California-based battery company, QuantumScape, continues to focus on disrupting the electric vehicle battery industry, which has relied on lithium ion batteries, by building a better, smaller, cheaper and safer solid-state battery.
“Our goal is to make better batteries for EVs and close the [cost and performance] gap with internal combustion engines,” co-founder and CTO Tim Holme said. “We believe our technology is capable of breaking into the mass market.”
The aim is to commercialize the solid-state battery in 2024 or 2025, to be ready for a predicted surge in the number of EVs on the road worldwide in the 2030s.
McKinsey predicts a robust increase in demand for EVs in the next decade, from about 1% of annual global sales in 2016 to almost 20% of annual global sales by 2030. EV sales globally rose 65% from 2017 to 2018, and then grew just 9% in 2019, according to McKinsey. Then, after a pandemic-related slowdown in Q1 of 2020, U.S. EV sales have accelerated in 2021 with sales up 201% in Q2 of 2021 compared to 49.5% for all new vehicle sales, according to Kelley Blue Book.
Meantime, California has set a goal for all new car sales to be zero emission by 2035. Carmakers are getting on board. General Motors has pledged to sell only zero-emissions models by 2035 and become carbon neutral by 2040; Ford has pledged to become carbon neutral by 2050.
QuantumScape was founded in 2010. Since 2012, the company has been working with Volkswagen, which has invested $300 million in the project as QuantumScape meets key performance metrics for solid state batteries. The companies plan to begin a joint pilot program by 2023.
Since their invention 30 years ago, lithium ion batteries have been the mainstays of the EV industry. The total market for lithium ion batteries grew by 17% and manufacturers increased production capacity in larger markets, according to McKinsey.
Lithium ion batteries Vs. solid-state batteries
Currently, lithium ion battery costs are about $137 per kWh, and are expected reach $101/kWh by 2023 – inching closer to the one-time industry goal of $100 per kWh, according to research company BloombergNEF. Battery pack cost has shifted now to an even more ambitious $60/kWh, according to some reports.
Lithium ion batteries continue to improve about 1-2% a year, Holme said. QuantumScape seeks to achieve significantly more improvements with its solid-state batteries.
The company seeks to lower battery cost by 15-20% relative to what the cost of lithium-ion batteries will be in several years.
Lower cost could be a game-changer. Despite the impressive global growth, EV ownership in the United States is still just 2.3%, according to Automotive News. While EVs are popular among self-described environmentally conscious consumers, according to surveys by GE, the American Automobile Association, and CarMax, the higher upfront cost of electric vehicles is a drawback for other potential buyers.
At 30 percent of the total, battery expense remains a key cost driver. A study by Deloitte showed that the top three considerations for consumers buying an EV are vehicle price, reliability, and cost to charge.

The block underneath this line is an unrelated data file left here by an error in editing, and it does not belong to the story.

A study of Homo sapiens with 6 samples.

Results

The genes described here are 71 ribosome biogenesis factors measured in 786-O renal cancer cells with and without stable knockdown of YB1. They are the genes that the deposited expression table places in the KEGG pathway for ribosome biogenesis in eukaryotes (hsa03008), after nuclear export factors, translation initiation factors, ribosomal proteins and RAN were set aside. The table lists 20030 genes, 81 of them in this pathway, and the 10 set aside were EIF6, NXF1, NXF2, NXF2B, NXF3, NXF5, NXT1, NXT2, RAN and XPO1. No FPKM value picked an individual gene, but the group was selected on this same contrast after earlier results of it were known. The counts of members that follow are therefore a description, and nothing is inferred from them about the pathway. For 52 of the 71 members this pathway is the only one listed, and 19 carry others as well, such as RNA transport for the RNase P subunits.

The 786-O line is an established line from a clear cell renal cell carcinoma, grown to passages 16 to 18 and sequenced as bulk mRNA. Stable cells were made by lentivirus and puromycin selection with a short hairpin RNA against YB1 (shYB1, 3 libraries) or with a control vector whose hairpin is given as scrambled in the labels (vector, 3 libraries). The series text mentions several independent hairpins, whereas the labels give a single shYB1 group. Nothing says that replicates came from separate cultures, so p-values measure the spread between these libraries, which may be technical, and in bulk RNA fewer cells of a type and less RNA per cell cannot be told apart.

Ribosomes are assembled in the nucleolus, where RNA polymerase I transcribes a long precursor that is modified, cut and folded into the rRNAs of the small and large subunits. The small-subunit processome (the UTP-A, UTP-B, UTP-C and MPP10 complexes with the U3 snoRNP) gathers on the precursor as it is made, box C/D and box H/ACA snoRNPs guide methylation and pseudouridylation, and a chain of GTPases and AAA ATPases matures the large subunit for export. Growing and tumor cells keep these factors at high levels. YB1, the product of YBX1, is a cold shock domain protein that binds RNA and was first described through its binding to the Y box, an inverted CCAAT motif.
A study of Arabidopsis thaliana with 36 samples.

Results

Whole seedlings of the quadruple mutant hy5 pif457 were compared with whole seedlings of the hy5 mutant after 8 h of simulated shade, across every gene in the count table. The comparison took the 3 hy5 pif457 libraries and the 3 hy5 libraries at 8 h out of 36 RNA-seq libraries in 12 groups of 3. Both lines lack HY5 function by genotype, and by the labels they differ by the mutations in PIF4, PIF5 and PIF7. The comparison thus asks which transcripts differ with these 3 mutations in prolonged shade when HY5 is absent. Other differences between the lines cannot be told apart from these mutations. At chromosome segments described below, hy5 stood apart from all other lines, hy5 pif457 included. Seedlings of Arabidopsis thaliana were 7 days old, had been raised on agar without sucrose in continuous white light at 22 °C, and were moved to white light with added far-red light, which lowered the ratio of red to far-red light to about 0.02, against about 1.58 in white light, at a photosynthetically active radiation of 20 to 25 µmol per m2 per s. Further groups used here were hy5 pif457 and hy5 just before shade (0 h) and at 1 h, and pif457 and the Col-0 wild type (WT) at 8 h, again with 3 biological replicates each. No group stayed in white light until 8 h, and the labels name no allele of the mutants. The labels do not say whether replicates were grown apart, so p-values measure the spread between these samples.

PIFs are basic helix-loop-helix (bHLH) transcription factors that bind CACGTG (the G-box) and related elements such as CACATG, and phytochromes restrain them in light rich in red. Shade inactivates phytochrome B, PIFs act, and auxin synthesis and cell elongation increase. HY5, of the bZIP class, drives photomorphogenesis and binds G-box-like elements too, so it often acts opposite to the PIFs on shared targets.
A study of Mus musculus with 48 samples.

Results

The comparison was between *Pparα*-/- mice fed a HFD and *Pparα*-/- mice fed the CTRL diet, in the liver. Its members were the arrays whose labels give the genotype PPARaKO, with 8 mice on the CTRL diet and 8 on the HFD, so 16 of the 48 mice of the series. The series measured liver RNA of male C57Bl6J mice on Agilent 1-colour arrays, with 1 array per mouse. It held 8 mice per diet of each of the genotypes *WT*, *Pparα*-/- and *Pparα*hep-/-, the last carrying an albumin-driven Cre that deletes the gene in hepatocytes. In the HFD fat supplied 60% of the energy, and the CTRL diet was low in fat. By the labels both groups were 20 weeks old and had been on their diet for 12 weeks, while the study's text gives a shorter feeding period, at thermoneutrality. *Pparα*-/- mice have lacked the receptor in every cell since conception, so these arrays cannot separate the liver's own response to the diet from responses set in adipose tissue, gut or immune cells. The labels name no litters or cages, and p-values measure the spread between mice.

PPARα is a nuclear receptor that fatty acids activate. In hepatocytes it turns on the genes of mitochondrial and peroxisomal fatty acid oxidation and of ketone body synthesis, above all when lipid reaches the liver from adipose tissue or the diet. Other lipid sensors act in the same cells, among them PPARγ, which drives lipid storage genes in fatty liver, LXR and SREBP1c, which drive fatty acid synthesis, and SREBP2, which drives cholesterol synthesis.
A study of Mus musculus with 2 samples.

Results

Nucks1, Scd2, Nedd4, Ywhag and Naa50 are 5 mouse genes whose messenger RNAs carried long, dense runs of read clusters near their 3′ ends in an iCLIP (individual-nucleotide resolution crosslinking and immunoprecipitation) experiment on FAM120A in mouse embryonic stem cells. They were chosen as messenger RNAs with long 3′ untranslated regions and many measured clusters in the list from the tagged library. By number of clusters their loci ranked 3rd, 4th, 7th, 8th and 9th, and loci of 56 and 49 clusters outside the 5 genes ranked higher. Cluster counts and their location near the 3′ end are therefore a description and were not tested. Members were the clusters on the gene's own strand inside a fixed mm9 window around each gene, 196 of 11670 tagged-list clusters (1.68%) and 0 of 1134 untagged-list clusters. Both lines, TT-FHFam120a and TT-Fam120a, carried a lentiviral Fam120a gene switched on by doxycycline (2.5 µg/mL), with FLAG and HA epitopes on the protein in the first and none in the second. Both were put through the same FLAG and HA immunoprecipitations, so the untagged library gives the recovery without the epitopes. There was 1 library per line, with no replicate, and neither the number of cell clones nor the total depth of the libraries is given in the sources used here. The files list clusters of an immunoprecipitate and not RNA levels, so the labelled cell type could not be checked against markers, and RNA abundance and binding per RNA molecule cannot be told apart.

QuantumScape also is working to create a smaller battery — with 30-50% less volume than Tesla’s state-of-the-art batteries, and 80% less volume than other batteries. Solid-state batteries eliminate the liquid electrolyte in lithium-ion batteries. Less volume also will help lower costs because raw material costs and total vehicle weight will be lower.
“We cut a big part of the volume and weight of our battery, which reduces the weight of the car,” Holme said.
QuantumScape’s other objectives are to achieve an 80% charge in 15 minutes compared to 50% in 15 minutes for lithium ion batteries, increase battery power, lengthen battery lifetime, increase battery range per charge, improve the temperature range to operate well in low temperatures compared to lithium ion batteries, improve the recharge rate, and improve safety.
Last year, the company gained significant attention after an initial public offering on Nov. 27. Share prices soared from $23.50 a share to $37 at the close of the first day of trading and continued to climb, hitting about $84 a share in early January 2021.
Then, SeekingAlpha published stories claiming that the company had overstated the success of its batteries and violated federal securities laws, resulting in a significant share price drop and class action lawsuits. In April, short seller Scorpion Capital called the company a “pump and dump scam.” Company leaders denied the claims and said they were considering a lawsuit against Scorpion. Share prices were about $21 as of Sept. 14.
The company continues to work on addressing challenges to build that better battery.
Key remaining tasks for QuantumScape, Holme said, include:
- Improving the separator process.
- Increasing the layer count in multi-layer cells.
- Improve the volume manufacturing process.
“We need to improve quality consistency and throughput as we ramp up the pilot line,” Holme said.